Thinking Fast and Slow, by Daniel Kahneman

Thinking Fast and slow is a classic read by Daniel Kahneman. At its core, it’s about how our hardwiring often forces us to take auto-pilot responses to things, often without us knowing.


If you’ve been to Tony Wilson’s workshops or keynotes, you’ll hear him say “Humans are hard-wired to be lazy, whenever possible.” It’s a simple way of saying that we tend to do easy things rather than hard things, and not just when we’re decided to go to the gym or stay in bed. We also live this rule almost hourly, based on our past habits and our hardwiring, to do things that we do out of sub-conscious.


Karneman calls this System One and System Two thinking. System One is our auto-pilot - it does the things that we are conditioned to do. It makes us say ‘yes’ to our boss or our colleagues that ask for our help, sometimes without thinking. But System Two is a bit more deliberate. Instead of being reactive and saying ‘yes,’ it might think long and hard about how much we have on our plates already, whether we are going to get home on time, and if we’ve spent enough time with our loved ones this week. It might calculate all these things and say ‘no’ instead.


Key things we gleaned from this book:

1. Open Discussion Doesn’t Work

We can be easily primed to think a certain way. If we are the second person to negotiate a price, our offer will be ‘anchored’ by the price already set (think about house prices and auctions). If someone tells you what they think something is worth, you are likely to offer somewhere in that range. Even if it is a complete unknown.


In many meetings and workshops, we just open a topic up for discussion. This priming phenomenon tells us that people will tend to follow the first person who contributes to the discussion. This is especially true if the person who first engages is a strong personality.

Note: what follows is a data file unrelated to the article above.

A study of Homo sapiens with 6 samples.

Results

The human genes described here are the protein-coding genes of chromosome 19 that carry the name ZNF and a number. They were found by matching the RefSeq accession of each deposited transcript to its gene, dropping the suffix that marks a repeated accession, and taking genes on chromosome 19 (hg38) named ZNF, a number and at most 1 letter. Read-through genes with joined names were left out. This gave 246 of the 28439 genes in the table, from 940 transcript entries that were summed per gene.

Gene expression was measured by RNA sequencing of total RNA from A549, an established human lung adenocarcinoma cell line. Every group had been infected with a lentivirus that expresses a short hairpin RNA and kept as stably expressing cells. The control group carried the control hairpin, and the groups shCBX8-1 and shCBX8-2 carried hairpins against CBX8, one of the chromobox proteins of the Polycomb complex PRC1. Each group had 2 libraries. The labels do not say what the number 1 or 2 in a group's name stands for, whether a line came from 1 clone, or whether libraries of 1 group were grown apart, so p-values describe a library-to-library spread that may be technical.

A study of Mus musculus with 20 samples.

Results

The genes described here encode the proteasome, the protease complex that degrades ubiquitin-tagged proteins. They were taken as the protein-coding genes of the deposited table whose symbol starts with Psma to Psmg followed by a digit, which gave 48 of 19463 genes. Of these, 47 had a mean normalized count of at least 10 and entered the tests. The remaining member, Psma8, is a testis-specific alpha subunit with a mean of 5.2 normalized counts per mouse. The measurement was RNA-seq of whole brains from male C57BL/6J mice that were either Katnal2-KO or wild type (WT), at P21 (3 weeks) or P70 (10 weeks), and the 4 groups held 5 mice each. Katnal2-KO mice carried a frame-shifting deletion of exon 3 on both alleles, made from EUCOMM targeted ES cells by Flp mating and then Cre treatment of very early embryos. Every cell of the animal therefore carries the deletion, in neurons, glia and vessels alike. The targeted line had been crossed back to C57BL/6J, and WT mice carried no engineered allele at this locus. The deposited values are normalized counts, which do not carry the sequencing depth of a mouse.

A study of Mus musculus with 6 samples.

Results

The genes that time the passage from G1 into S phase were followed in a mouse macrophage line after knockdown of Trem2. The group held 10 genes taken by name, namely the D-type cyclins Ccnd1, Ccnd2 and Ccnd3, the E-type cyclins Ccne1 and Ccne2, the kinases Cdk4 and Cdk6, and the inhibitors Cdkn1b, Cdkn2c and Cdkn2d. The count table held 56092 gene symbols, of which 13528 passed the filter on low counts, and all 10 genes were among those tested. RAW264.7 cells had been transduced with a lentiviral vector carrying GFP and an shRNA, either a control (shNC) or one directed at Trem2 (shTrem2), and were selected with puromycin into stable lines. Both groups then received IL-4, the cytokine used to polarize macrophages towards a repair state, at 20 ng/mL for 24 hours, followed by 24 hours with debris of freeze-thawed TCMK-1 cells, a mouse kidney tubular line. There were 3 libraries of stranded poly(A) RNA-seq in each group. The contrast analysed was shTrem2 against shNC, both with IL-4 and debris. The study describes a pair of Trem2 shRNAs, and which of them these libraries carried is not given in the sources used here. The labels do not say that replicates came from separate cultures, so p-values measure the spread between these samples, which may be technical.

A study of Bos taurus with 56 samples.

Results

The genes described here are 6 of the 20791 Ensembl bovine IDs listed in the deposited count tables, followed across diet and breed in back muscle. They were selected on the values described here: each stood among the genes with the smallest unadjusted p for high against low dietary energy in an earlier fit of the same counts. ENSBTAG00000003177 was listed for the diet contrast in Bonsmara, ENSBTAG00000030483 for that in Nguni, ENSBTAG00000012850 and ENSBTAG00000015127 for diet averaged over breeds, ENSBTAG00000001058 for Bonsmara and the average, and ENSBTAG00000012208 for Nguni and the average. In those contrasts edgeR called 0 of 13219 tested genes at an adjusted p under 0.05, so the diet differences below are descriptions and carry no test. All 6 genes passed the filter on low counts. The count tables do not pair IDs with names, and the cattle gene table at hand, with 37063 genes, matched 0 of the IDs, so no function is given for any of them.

A better way to operate is to ask everyone to write down their first thoughts and then read them back. If you see someone scribbling out their answer….. start asking questions!

2. Emotional Priming Makes Us Happy (or sad)

This is a different type of priming that was really interesting. The researchers asked these questions:

  • How happy are you these days?
  • How many dates did you have last month?

When asked in this order, there was no correlation between the two. But when asked in reverse order, the correlations between number of dates and happiness was high. When the subjects were primed to think about happy times (a date for example) they were reminded of happy times in their general life experience.


We are all trying to keep people engaged and to do this, we need to help people enjoy the work that they do. The regular response to ‘how’s work?’ is usually poor. But maybe if we take time to reflect on our weekly or daily ‘wins’ we can change this.


3. Loss Aversion is Stronger than Chasing Rewards

Contrary to what most people think, we fear loss more than we desire attaining something. And this affects our performance dramatically. Basketball teams are more likely to win close games if they are slightly behind at halftime. Golfers are more likely to sink a putt for par rather than a birdie (ie they are better when trying to avoid a bogey)


This would be a valuable tool for motivating staff. If we can find things that they care about, that they might lose if they don’t slightly up their game, this might be something that boosts performance. Pitting people against each other wouldn’t be a good example of this, but saving a bonus for the team, or saving a number one ranking on customer service would be excellent.


This book is a great reminder of the things that we do without thinking. And not just our ‘bad habits’ but literally things that we never think about. Full Stop. We are programmed a certain way, and books like this tend to make us take a better look at what that programming might be, how we can use it, and how we can avoid it.